Off the south coast of Australia, Tasmania’s Preservation Bay is radiating a crystal blue which comes from the bioluminescent algae. Even though it’s quite a spectacular sight, the increasing bioluminescent algae is concerning to the marine life.
Bioluminescent algae are called Noctiluca scintillans, which are microscopic, marine planktonic that come from the dinoflagellate species, which is commonly known as sea sparkle. These microscopic plankton don’t glow blue all the time. They are believed to radiate a blue light as a defense mechanism when they are disturbed or when trying to scare off any predators.
Sea sparkle isn’t known to be toxic or harmful to humans, however, they may cause irritation to the skin for those who swim among them.
It is not so much as what bioluminescent algae can do to humans, but what it can do the marine life, especially their ecosystems. The increasing numbers of these microscopic algae is concerning to see. It is an indication of the warming temperatures in the water and water with low oxygen levels.
Bioluminescent algae thrive in water with low levels of oxygen and a steady water column. These algae feed off other plankton and since there has been an increase of algae they are behaving much like a vacuum cleaner absorbing everything.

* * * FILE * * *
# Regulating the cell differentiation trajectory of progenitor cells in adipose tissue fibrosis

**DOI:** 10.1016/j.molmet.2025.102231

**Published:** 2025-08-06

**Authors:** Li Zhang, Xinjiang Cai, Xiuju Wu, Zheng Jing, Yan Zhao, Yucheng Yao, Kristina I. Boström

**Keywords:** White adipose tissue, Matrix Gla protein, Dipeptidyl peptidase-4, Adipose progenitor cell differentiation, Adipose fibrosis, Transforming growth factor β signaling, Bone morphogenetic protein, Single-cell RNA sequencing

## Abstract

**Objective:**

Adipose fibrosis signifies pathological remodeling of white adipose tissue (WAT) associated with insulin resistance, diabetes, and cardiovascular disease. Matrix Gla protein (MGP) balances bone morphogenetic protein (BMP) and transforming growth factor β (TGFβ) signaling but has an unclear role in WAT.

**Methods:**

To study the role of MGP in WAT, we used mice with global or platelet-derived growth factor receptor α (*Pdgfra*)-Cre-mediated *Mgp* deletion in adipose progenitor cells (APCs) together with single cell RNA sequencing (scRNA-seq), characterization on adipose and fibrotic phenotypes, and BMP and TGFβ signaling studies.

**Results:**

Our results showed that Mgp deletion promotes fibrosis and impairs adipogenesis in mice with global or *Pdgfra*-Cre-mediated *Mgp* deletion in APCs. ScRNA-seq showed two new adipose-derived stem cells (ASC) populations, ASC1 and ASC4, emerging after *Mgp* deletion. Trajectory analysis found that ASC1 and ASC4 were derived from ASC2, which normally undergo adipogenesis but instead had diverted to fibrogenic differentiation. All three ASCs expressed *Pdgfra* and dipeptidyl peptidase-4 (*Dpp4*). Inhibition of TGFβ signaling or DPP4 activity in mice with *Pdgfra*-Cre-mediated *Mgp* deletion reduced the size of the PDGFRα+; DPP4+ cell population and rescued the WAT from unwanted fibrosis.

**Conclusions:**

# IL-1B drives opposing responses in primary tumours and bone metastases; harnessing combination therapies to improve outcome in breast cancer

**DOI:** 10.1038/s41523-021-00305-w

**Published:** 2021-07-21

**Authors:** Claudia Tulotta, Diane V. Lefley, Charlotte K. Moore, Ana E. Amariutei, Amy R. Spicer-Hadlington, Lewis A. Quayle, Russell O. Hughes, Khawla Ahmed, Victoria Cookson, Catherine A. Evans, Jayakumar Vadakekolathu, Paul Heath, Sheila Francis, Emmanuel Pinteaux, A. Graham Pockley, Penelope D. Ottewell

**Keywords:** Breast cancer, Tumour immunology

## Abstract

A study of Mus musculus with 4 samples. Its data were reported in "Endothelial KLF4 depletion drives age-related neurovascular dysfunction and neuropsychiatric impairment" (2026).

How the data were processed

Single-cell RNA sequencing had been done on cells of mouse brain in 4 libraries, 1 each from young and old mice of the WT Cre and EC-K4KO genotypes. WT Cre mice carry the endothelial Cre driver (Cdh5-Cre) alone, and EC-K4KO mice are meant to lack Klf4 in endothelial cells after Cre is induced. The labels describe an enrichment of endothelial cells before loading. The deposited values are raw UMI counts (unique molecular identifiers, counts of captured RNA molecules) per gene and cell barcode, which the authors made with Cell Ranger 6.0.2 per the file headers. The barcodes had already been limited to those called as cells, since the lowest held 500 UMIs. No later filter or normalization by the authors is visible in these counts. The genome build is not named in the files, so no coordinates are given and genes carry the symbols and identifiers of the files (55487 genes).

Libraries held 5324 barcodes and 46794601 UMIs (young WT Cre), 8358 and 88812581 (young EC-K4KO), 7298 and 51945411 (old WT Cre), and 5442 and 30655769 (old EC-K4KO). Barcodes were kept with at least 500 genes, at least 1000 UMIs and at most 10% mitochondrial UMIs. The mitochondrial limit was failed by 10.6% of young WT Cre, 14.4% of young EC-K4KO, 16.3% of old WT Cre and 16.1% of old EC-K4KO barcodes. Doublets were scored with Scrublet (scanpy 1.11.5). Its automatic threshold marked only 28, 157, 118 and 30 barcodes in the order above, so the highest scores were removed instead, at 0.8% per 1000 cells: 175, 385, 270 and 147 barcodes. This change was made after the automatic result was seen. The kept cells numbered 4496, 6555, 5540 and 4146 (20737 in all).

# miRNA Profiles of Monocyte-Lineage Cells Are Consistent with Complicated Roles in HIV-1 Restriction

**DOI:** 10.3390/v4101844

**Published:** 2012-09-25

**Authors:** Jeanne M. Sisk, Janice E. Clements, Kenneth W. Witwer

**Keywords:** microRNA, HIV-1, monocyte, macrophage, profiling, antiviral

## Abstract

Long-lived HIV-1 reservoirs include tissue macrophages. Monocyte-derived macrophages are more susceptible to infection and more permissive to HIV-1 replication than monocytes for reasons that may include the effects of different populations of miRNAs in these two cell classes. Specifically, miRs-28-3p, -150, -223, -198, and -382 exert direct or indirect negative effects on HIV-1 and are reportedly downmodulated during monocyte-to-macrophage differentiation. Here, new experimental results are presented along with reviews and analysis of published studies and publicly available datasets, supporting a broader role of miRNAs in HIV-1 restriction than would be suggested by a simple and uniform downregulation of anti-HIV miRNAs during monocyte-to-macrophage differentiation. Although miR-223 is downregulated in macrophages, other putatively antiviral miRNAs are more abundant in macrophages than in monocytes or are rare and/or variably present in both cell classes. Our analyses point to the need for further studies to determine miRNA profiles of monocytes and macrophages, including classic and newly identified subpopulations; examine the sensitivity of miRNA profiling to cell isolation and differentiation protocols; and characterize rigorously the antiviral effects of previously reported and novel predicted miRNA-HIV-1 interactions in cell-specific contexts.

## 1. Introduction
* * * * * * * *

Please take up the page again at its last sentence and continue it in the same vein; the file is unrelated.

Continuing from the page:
The marine life where the bioluminescent algae is present disrupts the basis of the food chain that can create a ripple effect through the food web up to the larger fish people eat.
Once the sea sparkle begins to die and decompose, they release their ammonia-rich contents into the water which is toxic. Bioluminescent algae strip the water from oxygen, de-oxygenated, which is already low considering they strive in water with low levels. Low oxygen levels are harmful to other marine species and fish farmers since it moves its way up the food chain. These algae have killed more fish than any other fish.
The effect of the bioluminescent algae in the south coast of Australia is yet to be determined but there are researchers who are keeping an eye on the algae. As there have already been massive outbreaks of bioluminescent algae in other areas such as the Arabian Sea.